This is becoming ridiculous. Amid a week that has seen confirmation of HBO’s Deadwood movie, a Shrek reboot at Universal Pictures and the announcement that three Walking Dead movies are in the planning stages, it was announced Wednesday that a Breaking Bad movie is in the works at Sony Television from show creator Vince Gilligan.

Thank goodness Gilligan is involved, because the news in isolation is wearying and frustrating. Part of Breaking Bad‘s sterling legacy was its canny knack for knowing exactly how much story it had in it. In contrast to unkillable shows like the aforementioned Walking Dead or even something like LostBreaking Bad new from the start it had five seasons worth of plot, and it stuck to it. The result? One of the most momentous and fast-moving shows in TV history, with the emotional punch and depth of character to match pace.

You might point to Better Call Saul as a reason for faith in a Breaking Bad movie, and yes, while that’s become one of the best shows on TV in the wake of its all-time predecessor, these movies are still operating under the idea that “more must be better,” and it confines a smart, creative mind like Vince Gilligan to the same world he’s been working in for over a decade. We’d rather see him explore a new creative outlet. Sam Esmail, a similar prestige-TV auteur, just put another artistic hit with Homecoming after the success of Mr. Robot. Gilligan should have a similar chance.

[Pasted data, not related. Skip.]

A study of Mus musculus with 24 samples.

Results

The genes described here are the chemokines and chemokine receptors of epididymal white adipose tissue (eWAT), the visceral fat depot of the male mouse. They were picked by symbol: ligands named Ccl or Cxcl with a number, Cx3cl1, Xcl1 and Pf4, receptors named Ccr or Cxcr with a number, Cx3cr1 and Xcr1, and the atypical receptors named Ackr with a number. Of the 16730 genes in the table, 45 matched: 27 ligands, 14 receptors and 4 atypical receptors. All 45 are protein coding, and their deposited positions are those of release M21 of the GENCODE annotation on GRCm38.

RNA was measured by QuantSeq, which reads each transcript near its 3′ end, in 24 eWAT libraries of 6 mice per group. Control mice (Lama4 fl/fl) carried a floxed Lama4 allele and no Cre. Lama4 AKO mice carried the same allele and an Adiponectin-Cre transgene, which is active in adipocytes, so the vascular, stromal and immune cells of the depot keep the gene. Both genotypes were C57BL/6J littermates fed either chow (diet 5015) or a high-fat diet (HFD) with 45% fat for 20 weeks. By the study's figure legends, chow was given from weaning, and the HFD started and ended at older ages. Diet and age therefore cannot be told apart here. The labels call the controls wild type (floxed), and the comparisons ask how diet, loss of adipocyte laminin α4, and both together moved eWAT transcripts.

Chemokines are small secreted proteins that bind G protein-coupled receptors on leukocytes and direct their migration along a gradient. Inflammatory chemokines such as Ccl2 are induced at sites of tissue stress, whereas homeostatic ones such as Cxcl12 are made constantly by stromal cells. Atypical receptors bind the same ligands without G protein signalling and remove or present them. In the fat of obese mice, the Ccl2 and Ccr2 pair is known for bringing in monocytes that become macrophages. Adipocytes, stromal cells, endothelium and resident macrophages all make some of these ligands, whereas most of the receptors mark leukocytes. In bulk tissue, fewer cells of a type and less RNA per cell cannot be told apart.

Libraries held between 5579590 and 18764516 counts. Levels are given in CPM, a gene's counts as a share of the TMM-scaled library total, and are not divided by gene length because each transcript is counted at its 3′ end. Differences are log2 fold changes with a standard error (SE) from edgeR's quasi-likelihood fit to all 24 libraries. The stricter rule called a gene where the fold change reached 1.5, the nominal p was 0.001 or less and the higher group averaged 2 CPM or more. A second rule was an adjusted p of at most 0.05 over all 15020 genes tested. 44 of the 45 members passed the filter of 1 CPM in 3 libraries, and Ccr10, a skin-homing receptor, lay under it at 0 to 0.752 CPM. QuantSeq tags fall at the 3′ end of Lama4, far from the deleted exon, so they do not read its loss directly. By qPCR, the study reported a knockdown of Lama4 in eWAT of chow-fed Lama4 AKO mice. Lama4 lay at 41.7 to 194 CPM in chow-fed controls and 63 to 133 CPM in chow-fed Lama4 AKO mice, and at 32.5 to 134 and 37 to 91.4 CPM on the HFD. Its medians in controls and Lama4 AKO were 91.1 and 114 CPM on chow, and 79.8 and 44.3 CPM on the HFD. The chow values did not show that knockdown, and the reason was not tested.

At the same time, Gilligan’s deal with Sony Television—$50 million at the most, according to reports—spans for three years, so he’ll be freed up before too long.

Hard details on the movie are scarce at this point. The Hollywood Reporter says it will “follow the escape of a kidnapped man and his quest for freedom.” No word yet if the series’ original stars, including Bryan Cranston or Aaron Paul, will be involved. Sources only stress it will exist in the Breaking Bad universe.

Depressed at the news? Excited? For us, we’d just rather people make new stuff than revisit old stuff. Our favorite things this year, like Maniac and Atlanta and Barry, have come from established minds venturing into new ground. It makes for a more exciting cultural landscape, instead of one full of familiarity.